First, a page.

Special traffic team patrols Missoula

    The Montana Highway Patrol says the SETT has had a positive effect on the areas they patrol. (Photo: NBC Montana)

    Montana’s Safety Enforcement Traffic Team is a special group of five Montana Highway Patrol troopers and one sergeant. As a team, they rotate between Montana’s seven largest cities -- Billings, Bozeman, Butte, Great Falls, Helena, Kalispell, and Missoula.

    SETT’s only focus is to make the roads safer through traffic enforcement. Most nights, their primary focus is drunk driving and making sure people are wearing seat belts but they look for all traffic violations.

    This week they’re patrolling the Missoula area. NBC Montana went with Trooper Luke Burson for a ride-along to see some of the traffic stops they make.

    “We go to a different town every time, and we just saturate the area. We basically make a bunch of traffic stops -- just get out there show that we’re out there,” said Burson.

    He says just their extra presence helps deter people from drunk driving and speeding.

    People using their cellphones while driving is another problem Burson would like to see less of.

    “There’s nothing on your phone that is worth risking your life and everybody else’s life,” said Burson.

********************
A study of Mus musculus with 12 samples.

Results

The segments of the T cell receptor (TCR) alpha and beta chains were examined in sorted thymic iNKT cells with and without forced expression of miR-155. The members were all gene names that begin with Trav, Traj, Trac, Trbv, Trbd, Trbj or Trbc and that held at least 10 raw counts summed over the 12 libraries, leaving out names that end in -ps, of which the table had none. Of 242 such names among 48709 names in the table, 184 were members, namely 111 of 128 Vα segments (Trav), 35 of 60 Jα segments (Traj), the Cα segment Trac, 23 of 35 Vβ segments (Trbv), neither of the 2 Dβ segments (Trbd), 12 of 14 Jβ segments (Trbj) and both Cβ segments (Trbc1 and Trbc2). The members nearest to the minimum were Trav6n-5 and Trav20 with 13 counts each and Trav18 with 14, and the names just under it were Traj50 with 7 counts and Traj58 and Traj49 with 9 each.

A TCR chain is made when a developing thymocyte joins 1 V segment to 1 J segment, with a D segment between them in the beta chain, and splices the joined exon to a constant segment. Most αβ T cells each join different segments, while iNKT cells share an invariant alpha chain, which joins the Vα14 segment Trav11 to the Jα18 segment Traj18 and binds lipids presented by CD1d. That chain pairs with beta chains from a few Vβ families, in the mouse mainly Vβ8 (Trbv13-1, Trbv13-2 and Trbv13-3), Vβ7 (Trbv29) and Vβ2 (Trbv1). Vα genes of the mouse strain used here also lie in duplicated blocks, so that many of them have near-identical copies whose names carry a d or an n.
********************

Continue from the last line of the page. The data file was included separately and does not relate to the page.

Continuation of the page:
The Montana Department of Transportation funds SETT. The team spends eight days working together, then has six days off before moving on to their next region.

    The Montana Highway Patrol says the SETT has had a positive effect on the areas they patrol.

    DUI and drug arrests dropped to 277 in 2017, down from 416 in 2015. The number of speeding citations they issued in 2017 was 499, down from 1,212 in 2015. The total number of citation and warnings for all violations dropped from 10,468 in 2015 to 8,731 in 2017.

    Burson says he wants people to understand how dangerous vehicles are.

    “It’s a weapon. I mean, it’s a 2,000-pound weapon,” said Burson.

    He wants people to think about that the next time they want to drink and drive or ride without a seat belt. Burson says 70 percent of people who die in car crashes aren’t wearing a seat belt.

    During the hour and a half we spent on patrol with Burson, he pulled over four people. Two of them were not wearing a seat belt.

    The SETT will remain in Missoula through the weekend. Their next stop is Whitefish.